Saturday, May 20, 2006

Ryken, Calvinism, and Election

Philip Graham Ryken, senior minister of Tenth Presbyterian Church in Philadelphia, PA, said in an article “Hearts Aflame: Reformed Piety” (in Tabletalk, a magazine by Ligonier Ministries) that Christians were chosen “in Christ for the very purpose that we would be holy.” His discussion is on personal holiness, not positional holiness. He continues: “To see this, we only need to follow the logic of Paul’s opening argument in Ephesians. There the apostle praises God for choosing us in Christ ‘before the foundation of the world’ (Eph. 1:4a). But why did God give us this blessing? What was His purpose for choosing us in Christ? It was so ‘that we should be holy and blameless before him’ (Eph. 1:4b).”

Does Ephesians 1:4 contain a call to personal holiness? If so, then 1:4b is a reference to personal holiness and not positional holiness. However, contextually, positional holiness seems to be the much preferred reading. For example, while 1:4 says that His choosing leads to our holiness, 1:5 says that Him predestining us leads to our adoption … a positional concept. In fact, the whole context of 1:4-13 relates more to positional concepts than “personal” (see also our “inheritance” in 1:11).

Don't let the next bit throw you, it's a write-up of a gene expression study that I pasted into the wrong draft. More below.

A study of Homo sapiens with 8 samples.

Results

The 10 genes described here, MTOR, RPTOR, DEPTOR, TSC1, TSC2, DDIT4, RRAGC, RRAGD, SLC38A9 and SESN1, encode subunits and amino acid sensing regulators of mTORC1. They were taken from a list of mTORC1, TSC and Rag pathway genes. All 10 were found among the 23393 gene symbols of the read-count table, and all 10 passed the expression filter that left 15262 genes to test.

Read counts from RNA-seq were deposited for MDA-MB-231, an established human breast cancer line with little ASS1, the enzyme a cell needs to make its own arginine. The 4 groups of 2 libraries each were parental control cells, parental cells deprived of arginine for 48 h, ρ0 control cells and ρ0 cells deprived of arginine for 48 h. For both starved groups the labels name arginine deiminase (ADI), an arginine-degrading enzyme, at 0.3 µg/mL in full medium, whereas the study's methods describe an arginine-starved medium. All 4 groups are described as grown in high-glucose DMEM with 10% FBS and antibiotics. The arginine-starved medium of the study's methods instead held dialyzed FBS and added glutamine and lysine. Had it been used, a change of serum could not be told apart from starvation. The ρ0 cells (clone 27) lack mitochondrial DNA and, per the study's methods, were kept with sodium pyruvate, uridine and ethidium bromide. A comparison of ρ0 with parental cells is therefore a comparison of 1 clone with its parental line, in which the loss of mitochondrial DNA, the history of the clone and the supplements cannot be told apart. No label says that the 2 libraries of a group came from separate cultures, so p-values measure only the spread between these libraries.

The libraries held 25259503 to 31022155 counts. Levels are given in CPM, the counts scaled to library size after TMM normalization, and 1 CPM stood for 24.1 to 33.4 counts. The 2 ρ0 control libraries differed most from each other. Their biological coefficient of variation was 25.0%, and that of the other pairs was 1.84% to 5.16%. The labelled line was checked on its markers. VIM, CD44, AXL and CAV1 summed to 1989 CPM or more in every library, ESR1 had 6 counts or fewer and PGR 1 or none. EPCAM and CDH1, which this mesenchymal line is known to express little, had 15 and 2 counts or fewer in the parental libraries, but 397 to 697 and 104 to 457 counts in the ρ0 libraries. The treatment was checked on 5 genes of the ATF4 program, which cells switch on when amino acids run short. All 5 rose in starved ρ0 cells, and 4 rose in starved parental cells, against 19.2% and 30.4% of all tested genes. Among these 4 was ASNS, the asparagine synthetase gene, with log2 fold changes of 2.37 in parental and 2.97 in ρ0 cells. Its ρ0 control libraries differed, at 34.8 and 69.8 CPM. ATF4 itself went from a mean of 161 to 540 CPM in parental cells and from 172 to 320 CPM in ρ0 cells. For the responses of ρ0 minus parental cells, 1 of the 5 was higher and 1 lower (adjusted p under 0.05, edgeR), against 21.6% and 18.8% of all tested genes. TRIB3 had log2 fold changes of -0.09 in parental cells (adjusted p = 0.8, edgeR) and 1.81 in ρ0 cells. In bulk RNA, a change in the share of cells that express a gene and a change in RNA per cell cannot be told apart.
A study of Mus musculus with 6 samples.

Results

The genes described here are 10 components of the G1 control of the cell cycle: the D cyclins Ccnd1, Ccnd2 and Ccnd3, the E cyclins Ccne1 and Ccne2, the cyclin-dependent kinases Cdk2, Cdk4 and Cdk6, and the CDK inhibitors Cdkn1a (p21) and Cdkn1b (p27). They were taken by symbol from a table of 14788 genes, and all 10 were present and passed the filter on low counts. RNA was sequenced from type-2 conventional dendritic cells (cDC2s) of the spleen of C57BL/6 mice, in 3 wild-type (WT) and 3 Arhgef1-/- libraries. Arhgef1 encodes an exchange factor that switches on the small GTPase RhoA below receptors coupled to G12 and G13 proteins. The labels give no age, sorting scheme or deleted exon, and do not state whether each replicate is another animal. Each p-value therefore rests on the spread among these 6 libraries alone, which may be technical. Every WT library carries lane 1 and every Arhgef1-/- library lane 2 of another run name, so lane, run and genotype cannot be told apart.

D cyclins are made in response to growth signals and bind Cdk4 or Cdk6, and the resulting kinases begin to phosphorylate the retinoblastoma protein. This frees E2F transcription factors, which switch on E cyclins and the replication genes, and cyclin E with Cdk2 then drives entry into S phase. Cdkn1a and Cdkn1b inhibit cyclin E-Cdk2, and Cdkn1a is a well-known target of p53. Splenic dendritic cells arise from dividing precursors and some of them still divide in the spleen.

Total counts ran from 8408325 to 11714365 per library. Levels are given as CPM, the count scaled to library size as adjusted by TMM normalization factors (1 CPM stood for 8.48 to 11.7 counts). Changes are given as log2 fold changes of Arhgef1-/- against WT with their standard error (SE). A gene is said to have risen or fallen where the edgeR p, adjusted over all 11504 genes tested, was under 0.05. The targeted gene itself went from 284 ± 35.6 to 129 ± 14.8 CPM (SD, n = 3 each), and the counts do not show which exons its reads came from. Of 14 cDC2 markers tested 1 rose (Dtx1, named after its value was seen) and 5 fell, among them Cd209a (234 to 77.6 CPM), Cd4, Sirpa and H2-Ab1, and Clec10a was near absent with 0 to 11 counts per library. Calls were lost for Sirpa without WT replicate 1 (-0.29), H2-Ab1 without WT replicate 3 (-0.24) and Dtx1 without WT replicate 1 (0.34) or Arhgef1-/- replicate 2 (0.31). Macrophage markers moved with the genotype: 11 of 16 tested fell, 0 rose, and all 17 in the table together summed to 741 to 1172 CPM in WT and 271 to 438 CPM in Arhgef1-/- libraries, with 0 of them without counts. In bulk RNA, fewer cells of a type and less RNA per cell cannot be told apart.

This is not to deny Ryken’s statement that Christians are chosen to live a holy life. Ephesians 2:8-10 - especially 2:10 (which says that the purpose for our salvation was for us to do good works) – affirms Ryken’s theology, but not 1:4. Did I miss something or has this convinced Calvinist read his thoughts into Eph 1:4?

2 comments:

J. B. Hood said...

What you say here makes sense, but just to play devil's advocate--can we really ever in Scripture distinguish sharply and finally between positional and personal holiness?

dacroteau said...

Yes. 1 Peter 1:15-16 encourages us to "be holy," that is, live holy lives; in 1 Cor 6:11, we are said to have been (in the past ... not just based on the aorist but the context and "but") "sanctified" or as the NLT says: "you were made holy." So, if we were made holy in the past and we are told to be holy, Scripture either contradicts itself (an unnecessary conclusion) or divides between positional and personal holiness. Now, is that divide "sharp"? I'm not sure what you mean by "sharp," so I can't really answer that part of the question.